Two TikTokers discussing social manners in the United States
@tilly_hokianga/TikTok; @rosegoldmillie/TikTok

After Australian TikToker @tilly_hokianga expressed frustration over the perceived snub, TikToker @rosegoldmillie came to young Americans' defense.

Though the world would be a much more beautiful place if we could all speak to each other, it sure is easy to have a misunderstanding with someone while learning their language.

And even if we speak the same language, sometimes our differences in dialect and mannerisms can cause just as many issues.


Social etiquette was a primary concern for Tilly Hokianga, or @tilly_hokianga on TikTok, an Australian woman who was living in the United States. In a five-part TikTok series, Hokianga raised some eyebrows when she pointed out some of the differences she'd noticed, and did not like, in the U.S.

One of the biggest calls for debate came from the first video in the series, which she had titled:

"Things that send me as an Australian living in the U.S."

Most of what the TikToker noted were not unusual, including the amount of sugar found in American food, the quality of the water, the sugary cereal varieties, and the general lack of education in geography and world languages.

But the one that drew the most attention was about manners and specifically how Americans respond to 'Thank you.'

"I don't understand. Talking to an American, you say, 'Thank you,' and they're always just like, 'Mm-hmm.'"
"I just said, 'Thank you.' You should say, 'You're welcome,' or 'It's all good,' or 'No worries,' not f**king 'Mm-hmm.'"

You can watch the video here:

@tilly_hokianga

#thingsthatsendme #usa #australia #australianlivinginamerica #la #trending #fyp #greenscreenvideo #GenshinImpact33 #fypシ #2022

Many TikTokers in Hokianga's comment section came for her, asking how many states she had visited before drawing these conclusions, as mannerisms, as well as food and water, would vary based on the location in the country.

But one TikToker, Millie of @rosegoldmillie, wanted to address Hokianga's mannerisms concern specifically.

In her own video, Millie did her best to describe a different perspective on the use of 'Mm-hmm.' She explained that it wasn't meant in a dismissive way, but rather that the action had truly been no trouble at all.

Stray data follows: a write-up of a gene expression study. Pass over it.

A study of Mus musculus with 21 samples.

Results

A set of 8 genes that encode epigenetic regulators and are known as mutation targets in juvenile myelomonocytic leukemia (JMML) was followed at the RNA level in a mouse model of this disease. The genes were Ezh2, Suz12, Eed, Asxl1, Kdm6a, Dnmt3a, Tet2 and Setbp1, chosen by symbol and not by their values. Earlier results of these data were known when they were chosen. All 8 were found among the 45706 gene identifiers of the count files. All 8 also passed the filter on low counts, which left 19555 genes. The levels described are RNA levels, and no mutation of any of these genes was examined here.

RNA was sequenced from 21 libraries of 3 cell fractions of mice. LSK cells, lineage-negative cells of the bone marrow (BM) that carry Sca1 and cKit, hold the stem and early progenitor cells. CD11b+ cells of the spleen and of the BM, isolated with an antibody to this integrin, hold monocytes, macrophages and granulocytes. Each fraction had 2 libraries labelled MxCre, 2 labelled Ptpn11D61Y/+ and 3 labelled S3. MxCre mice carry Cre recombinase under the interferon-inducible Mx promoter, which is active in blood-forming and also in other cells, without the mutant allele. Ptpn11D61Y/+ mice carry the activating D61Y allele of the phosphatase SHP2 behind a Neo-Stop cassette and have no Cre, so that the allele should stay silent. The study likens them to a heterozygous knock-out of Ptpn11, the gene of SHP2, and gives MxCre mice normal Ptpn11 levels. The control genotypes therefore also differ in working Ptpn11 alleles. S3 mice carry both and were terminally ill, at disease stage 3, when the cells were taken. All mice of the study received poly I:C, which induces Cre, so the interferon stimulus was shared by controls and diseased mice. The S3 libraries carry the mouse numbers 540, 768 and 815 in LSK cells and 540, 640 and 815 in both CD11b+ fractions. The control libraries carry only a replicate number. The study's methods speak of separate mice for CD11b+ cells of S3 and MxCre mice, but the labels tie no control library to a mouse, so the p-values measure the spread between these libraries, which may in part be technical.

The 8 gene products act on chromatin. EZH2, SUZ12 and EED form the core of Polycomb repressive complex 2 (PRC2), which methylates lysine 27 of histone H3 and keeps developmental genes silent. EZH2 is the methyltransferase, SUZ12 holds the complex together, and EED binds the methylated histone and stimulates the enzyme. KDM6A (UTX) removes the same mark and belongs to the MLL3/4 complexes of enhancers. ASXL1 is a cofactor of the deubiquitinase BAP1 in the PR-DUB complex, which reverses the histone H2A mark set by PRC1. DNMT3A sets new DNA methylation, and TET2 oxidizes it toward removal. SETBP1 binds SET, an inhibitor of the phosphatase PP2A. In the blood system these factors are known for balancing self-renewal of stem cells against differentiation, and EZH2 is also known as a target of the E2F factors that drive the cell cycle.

"You're welcome," she argued, had taken on a hidden meaning of manipulation and entitlement for millennials, which was not something they were eager to pay forward.

Millie described how she had tried to shake this feeling when she spent time in Australia.

"Someone would say, 'Thank you,' and I would say, 'Yep! Oh, uh, I mean, 'You're welcome!'"
"Because to me, it's kind of rude. Like, it's not rude, but saying, 'Yep' and 'Sure' is the equivalent to saying, 'No problem,' and that is more polite in America than saying, 'You're welcome.'"
"When you say, 'You're welcome,' there's an implication in our brains that says, 'I did you a favor, and I deserve a thank you.' But when we say, 'Mm-hmm,' or like, 'Sure,' it's this implication of 'Of course I would do that for you. I don't deserve a thank you, like, it was the least I could do.'"

You can watch the video here:

@rosegoldmillie

#stitch with @tilly_hokianga #american #australian #british #manners #differences #travelling #overseas #fypfypfyp

The video quickly garnered attention, with viewers thankful to Millie for putting their feelings into words.

@rosegoldmillie/TikTok

@rosegoldmillie/TikTok

@rosegoldmillie/TikTok

@rosegoldmillie/TikTok

@rosegoldmillie/TikTok

@rosegoldmillie/TikTok

@rosegoldmillie/TikTok

@rosegoldmillie/TikTok

Some supported Millie's sentiments by sharing their go-to responses to 'Thank you.'

@rosegoldmillie/TikTok

@rosegoldmillie/TikTok

@rosegoldmillie/TikTok

@rosegoldmillie/TikTok

@rosegoldmillie/TikTok

@rosegoldmillie/TikTok

@rosegoldmillie/TikTok

@rosegoldmillie/TikTok

It's unclear if Hokianga has viewed Millie's response video or if she has taken the sentiments surrounding 'Mm-hmm' or 'No problem' into concern in her conversations since then.

But her now-five-part series continued with Hokianga's complaints piling up, with concerns including candy, roads, coffee, healthcare, the infamous gaps in public restroom stalls, and getting gasoline.

While commenters have requested additional videos, it's unclear if she will continue the series, but it would be interesting to hear her thoughts on the feedback she has received from some Americans, including Millie's thoughts on loaded social etiquette.